In the past, when I’ve set up log shipping, it was primarily as a DR device, designed to get copies of logs to another server ASAP. The idea being that if we had an issue on the production server, we could switch to the secondary server quickly and lose minimal working time for the company.
To that end me, and most everyone I knew, restored those logs ASAP. If you ran log backups every minute, you didn’t want more than a couple of minutes before you could bring the secondary online and start moving clients over.
That’s a good process, though to a large extent it has been superseded by database mirroring for quick recovery on another server. Mirroring also includes the ability to automatically direct clients to the mirror server, which isn’t something log shipping can do.
However you don’t always want to restore those logs immediately. Not all disasters require you, or even force you, to switch servers. Consider those “accidental” disasters. What do you do if a user deletes all customers, or the DBA accidently sets all orders to the same quantity because they forgot a WHERE clause?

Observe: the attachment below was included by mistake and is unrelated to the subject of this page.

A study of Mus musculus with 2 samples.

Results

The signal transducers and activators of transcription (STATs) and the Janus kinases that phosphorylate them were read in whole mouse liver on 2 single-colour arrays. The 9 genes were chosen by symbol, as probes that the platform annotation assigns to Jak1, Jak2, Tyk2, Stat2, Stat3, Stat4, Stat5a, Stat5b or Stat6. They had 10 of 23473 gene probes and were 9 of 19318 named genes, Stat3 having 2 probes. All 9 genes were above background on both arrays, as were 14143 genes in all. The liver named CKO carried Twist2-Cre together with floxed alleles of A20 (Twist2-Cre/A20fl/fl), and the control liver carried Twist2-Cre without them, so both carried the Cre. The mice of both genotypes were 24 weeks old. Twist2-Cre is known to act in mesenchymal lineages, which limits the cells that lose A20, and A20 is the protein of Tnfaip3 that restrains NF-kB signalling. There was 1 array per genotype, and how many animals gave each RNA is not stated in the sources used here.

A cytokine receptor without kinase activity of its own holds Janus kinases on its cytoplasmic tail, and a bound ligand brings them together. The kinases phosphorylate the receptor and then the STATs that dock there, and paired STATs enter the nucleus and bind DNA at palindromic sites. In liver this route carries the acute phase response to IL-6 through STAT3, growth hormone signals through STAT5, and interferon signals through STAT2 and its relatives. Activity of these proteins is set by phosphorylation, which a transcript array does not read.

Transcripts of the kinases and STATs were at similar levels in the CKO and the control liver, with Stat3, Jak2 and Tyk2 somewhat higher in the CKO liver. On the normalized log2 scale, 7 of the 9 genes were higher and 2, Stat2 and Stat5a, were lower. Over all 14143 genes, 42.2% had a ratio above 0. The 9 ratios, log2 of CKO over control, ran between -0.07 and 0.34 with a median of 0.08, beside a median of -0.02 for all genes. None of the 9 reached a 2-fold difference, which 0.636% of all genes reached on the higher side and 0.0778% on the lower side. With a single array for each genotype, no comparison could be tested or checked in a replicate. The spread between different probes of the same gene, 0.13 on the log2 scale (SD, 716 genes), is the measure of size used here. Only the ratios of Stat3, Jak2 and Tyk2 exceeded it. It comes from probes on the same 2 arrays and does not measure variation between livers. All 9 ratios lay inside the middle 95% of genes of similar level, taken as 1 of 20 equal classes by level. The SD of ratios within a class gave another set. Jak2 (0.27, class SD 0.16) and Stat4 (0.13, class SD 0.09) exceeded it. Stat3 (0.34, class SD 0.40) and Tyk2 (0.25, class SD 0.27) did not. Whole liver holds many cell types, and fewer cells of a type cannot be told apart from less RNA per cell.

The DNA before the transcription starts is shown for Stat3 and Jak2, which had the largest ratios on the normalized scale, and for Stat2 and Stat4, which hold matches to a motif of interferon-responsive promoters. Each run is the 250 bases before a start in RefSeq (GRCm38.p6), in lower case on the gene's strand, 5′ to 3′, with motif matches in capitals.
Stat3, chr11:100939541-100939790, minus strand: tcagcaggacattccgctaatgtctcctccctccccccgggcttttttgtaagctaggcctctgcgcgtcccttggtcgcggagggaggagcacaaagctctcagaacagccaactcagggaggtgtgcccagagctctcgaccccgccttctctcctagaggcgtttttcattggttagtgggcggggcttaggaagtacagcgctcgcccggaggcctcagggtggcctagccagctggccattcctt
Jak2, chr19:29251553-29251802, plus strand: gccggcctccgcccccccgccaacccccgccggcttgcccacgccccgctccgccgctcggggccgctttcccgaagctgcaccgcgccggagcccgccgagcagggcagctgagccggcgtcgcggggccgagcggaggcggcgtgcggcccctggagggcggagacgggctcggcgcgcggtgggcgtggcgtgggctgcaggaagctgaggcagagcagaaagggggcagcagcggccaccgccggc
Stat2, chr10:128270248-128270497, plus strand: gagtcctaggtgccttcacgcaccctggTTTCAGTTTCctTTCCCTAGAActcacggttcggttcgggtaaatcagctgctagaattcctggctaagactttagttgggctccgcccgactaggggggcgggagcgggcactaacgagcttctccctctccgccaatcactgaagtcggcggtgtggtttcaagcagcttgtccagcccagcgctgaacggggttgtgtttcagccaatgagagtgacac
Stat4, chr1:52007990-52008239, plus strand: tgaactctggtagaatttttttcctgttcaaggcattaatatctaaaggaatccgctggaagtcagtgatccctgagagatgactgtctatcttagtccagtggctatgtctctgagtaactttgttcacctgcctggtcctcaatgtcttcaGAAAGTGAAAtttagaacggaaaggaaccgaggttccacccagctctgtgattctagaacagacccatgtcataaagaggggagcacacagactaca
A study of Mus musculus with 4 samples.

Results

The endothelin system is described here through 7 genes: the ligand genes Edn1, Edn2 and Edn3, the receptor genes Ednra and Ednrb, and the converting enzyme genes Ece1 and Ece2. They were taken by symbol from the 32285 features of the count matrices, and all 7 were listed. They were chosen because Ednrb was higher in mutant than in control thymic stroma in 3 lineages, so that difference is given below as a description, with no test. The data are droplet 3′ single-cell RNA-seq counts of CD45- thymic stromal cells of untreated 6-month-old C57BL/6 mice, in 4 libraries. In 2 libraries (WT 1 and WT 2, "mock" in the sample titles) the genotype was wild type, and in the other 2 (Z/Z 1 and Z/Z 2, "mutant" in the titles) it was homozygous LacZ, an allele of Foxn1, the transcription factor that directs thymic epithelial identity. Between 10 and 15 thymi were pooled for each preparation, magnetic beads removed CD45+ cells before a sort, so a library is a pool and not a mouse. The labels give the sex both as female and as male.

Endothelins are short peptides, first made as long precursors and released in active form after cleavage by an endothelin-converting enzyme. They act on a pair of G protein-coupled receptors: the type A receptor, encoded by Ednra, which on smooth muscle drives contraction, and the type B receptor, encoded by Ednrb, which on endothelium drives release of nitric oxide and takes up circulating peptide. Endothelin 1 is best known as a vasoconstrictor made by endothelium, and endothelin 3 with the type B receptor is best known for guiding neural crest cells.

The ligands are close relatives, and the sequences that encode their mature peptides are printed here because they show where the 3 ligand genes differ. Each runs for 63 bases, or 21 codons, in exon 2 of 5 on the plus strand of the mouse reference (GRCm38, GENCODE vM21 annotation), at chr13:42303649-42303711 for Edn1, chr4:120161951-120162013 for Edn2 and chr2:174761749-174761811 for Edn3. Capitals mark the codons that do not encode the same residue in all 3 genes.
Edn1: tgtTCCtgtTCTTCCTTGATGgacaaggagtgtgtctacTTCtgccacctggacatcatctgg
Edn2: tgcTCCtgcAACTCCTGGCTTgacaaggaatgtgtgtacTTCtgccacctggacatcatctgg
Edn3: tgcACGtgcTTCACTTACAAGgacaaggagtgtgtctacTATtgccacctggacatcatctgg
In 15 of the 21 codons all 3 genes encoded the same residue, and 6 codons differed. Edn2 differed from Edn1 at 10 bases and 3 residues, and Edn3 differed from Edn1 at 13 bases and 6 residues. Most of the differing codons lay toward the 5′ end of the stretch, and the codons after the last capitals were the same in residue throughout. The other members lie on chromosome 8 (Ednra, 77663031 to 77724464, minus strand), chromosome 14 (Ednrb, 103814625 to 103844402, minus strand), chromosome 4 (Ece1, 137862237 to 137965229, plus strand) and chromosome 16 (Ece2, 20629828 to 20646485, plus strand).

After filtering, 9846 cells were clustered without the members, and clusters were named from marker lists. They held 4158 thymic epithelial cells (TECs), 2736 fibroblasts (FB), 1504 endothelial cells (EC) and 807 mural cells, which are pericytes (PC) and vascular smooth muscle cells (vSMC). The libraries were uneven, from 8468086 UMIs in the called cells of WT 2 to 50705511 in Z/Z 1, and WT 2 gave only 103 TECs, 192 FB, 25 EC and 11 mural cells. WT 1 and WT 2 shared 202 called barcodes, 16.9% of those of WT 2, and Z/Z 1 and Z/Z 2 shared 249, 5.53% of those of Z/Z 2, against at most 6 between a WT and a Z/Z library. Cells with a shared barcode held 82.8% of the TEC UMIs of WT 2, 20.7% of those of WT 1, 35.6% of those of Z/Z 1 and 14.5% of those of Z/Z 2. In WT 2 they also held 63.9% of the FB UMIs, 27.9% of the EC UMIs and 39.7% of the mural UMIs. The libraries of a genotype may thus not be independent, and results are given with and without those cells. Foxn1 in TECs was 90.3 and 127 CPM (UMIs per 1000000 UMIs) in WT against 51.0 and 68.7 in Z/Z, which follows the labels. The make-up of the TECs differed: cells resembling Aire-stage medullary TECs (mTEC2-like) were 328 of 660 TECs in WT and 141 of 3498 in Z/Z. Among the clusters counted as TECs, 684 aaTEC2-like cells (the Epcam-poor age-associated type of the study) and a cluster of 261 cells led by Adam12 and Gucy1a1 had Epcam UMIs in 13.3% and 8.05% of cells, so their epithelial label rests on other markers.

If you restore immediately, those changes are likely applied on the secondary server before you can even contact the DBA, or make a remote connection to the secondary server and shut off the log shipping process.
If, however, you have, say a 3rd database, one that delays restoring logs for an hour or two, you’ll still have that original data on that server. Even if you’ve made some changes in the last few hours, you could “catch up” all the logs except for the one where you made the mistake, and then move that data over with an SSIS Wizard package.
That might save you a lot of time, or explanations, when you do make a mistake. And rest assured, sooner or later you will.